The Business of Pride: Some Artists Get Paychecks, Others Get Exposure

Mark Sagliocco/FilmMagic
Ariana Grande performs at the 27th annual NYC Pride: Dance On The Pier at Pier 26 on June 28, 2015 in New York City. 

To grasp how important music is to Pride events across America, look no further than the cover of the 2017 NYC Pride Guide. Gracing the magazine’s cover is “Godmother of Soul” Patti LaBelle, a seemingly strategic choice considering performers tend to dramatically sway overall attendance and ticket revenue more so than the equally important speakers for these type of events.

Nelly Furtado, LeAnn Rimes, Deborah Cox, Tegan and Sara, Years & Years, Gallant and Mary Lambert are a few of the other performers non-profit Heritage of Pride selected for this year’s NYC Pride week. Last year’s performers helped attract more than 2.3 million people who gathered to celebrate and commemorate the 1969 Stonewall riots, which set the gay rights movement and annual Pride festivities in motion.

“Pride has always been a protest, and it has always been a celebration,” NYC Pride Media Director James Fallarino told Billboard. “When the Reagan administration was leaving us to die in the wake of the AIDS crisis, we still found a way to celebrate. When the Bush administration was trying to amend the U.S. Constitution to discriminate against us, we still found a way to celebrate. In 2017, the protest element of Pride is of course taking center stage, but we can, and should, still celebrate the richness of our community and all the gains we have made since that fateful night in 1969.”

The task of choosing the right performers to entertain the present yet honor the past is in the hands of volunteer committees for each of the 16 NYC Pride week events, including PrideFest, Pride March, Pride Rally, Dance on the Pier and the new Pride Island.

The final lineup is a mix of charting artists, LGBTQ singers and local performers. Several of the higher-profile artists are paid, although some of the new and emerging ones apply to perform and, if picked, donate their time in return for exposure and access into ticketed Pride events.

“While we do not comment on the specific agreements we have with each artist, it is a mix of both performers donating their time as well as those who have some sort of financial arrangement, whether it be to cover production costs, an appearance fee, or a combination of the two,” Fallarino said.

Funds to pay the performers come from Heritage of Pride’s 2016-2017 budget of $2.3 million, which also goes toward operating the organization, producing the 16 events, awarding grants to local LGBTQ non-profits, and allocating funds for Stonewall 50 and WorldPride 2019 to mark 50th anniversary of the Stonewall uprising.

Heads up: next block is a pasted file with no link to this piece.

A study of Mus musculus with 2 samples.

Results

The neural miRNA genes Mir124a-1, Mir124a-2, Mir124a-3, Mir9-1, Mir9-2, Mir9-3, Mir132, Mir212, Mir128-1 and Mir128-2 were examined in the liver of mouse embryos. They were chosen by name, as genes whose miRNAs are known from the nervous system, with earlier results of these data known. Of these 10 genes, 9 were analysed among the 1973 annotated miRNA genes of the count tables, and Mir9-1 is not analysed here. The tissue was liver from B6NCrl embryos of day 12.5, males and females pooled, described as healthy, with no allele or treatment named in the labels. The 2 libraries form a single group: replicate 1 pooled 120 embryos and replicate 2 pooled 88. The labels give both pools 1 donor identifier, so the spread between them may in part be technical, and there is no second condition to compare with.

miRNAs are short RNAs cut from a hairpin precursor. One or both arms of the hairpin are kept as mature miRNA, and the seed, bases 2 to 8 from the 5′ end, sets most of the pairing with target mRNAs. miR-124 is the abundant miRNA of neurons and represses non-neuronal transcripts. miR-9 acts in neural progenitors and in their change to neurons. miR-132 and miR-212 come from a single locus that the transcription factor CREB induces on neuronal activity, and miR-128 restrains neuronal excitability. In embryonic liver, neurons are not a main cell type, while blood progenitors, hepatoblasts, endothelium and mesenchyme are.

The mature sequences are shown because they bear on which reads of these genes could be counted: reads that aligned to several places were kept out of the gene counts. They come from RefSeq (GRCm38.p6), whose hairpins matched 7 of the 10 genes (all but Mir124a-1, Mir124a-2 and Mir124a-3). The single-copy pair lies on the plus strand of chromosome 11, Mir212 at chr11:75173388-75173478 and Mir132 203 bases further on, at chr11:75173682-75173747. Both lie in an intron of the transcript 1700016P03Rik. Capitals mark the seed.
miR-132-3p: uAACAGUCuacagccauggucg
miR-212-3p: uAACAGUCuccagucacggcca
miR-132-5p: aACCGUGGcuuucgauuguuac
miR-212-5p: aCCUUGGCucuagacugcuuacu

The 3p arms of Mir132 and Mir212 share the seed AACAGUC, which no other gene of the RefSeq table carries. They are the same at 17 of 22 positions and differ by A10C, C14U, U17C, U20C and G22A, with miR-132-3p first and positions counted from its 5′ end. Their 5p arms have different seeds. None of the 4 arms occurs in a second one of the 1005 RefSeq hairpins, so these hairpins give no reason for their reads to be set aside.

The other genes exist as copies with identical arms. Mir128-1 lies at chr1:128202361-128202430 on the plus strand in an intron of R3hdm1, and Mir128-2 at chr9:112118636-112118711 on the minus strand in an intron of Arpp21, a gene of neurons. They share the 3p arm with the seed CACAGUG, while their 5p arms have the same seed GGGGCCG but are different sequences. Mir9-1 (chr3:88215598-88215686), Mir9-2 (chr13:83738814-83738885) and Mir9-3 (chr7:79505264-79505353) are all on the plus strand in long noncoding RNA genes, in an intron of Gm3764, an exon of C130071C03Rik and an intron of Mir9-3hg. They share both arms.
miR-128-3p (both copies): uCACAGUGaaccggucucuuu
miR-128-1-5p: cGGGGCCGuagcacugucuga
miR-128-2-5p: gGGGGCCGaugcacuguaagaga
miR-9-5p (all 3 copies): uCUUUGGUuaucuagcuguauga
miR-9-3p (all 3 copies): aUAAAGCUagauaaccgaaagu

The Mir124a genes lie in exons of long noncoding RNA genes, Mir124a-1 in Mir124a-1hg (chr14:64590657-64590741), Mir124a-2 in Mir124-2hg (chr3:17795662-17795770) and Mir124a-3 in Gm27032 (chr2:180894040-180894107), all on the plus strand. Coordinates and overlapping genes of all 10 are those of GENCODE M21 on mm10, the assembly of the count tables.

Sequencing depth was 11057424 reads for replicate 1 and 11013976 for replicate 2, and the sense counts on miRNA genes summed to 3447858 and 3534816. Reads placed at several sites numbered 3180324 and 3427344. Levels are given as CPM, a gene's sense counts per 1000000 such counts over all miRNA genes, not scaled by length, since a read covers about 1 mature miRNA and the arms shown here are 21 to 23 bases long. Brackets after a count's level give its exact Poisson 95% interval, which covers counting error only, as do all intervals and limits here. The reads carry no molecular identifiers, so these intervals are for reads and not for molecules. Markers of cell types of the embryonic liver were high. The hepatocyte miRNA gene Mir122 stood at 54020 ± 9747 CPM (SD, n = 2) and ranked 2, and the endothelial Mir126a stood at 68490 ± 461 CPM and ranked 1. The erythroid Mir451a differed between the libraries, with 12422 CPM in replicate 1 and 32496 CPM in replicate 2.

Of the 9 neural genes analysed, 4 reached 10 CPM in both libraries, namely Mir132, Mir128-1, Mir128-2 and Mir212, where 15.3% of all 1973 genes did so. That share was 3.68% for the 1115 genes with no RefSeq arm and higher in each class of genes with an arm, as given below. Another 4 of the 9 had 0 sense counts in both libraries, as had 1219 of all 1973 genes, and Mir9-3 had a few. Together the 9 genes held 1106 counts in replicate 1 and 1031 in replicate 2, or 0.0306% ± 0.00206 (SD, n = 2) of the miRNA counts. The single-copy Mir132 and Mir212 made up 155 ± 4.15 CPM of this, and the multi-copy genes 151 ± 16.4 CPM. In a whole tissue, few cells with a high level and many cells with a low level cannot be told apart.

Openly gay artist Joey Suarez, who performed “High in the Sky” at the 2016 PrideFest, returned this year to perform his newly released single “Love Me Back” at the Pride Rally on June 16. “‘Love Me Back’ is a song that plays on the silly idea of love and how guys think other guys don’t like them if they don’t message back immediately,” Suarez told Billboard. “It’s a funny song. It makes me laugh. It makes fun of our gays who are stuck on their phones and on apps like Grindr.”

From coast to coast, Pride events offer stages for LGBTQ artists and allies. Earlier this month in Los Angeles, Kat Dahlia, a self-identifying gender-fluid artist, took over the main stage in West Hollywood. “The energy was insane,” Dahlia says. “The LGBTQ community needs more support than ever and I'm happy to be a part of it.” She peformed new songs “Sirens” and “Friday Night Majic” as well as fan-favorites “Gangsta,” “Crazy” and “Mirror.” This was her third year attending LA Pride and first year performing.

“They are the sound of our community, and their music reflects who we are and our struggle for liberation,” Fallarino emphasized. “Of course, non-LGBTQ performers play an important role at NYC Pride as well. These national and international names help drive attendance to our events and are an important way for ally performers to show their support for the movement.”

Past NYC Pride performers include Ariana Grande, Bette Midler, Cher, Cyndi Lauper, Demi Lovato, Fergie, Grace Jones, Idina Menzel, Janet Jackson, Jennifer Hudson, Jennifer Lopez, Kylie Minogue, Madonna, RuPaul and Whitney Houston.

But who should Heritage of Pride try to snag in 2018 or for Stonewall 50 and WorldPride 2019?

Lady Gaga and Beyonce, obviously, though Lady Gaga did speak and, to our surprise, sang the national anthem at the 2013 NYC Pride Rally,” Fallarino said. “RuPaul hasn't been doing many performances in drag at Prides for the past few years, but when she is ready, the stage is all hers. I'd also like to see more big names in hip-hop and R&B -- I think there's still this idea that hip-hop and R&B performers won't do Pride because of the stigma that might come along with it, but plenty of artists from this genre have shown their support for the LGBTQ community in the past few years. There's also a built-in scheduling conflict for many big hip-hop and R&B performers because the BET Awards are always on NYC Pride Sunday.”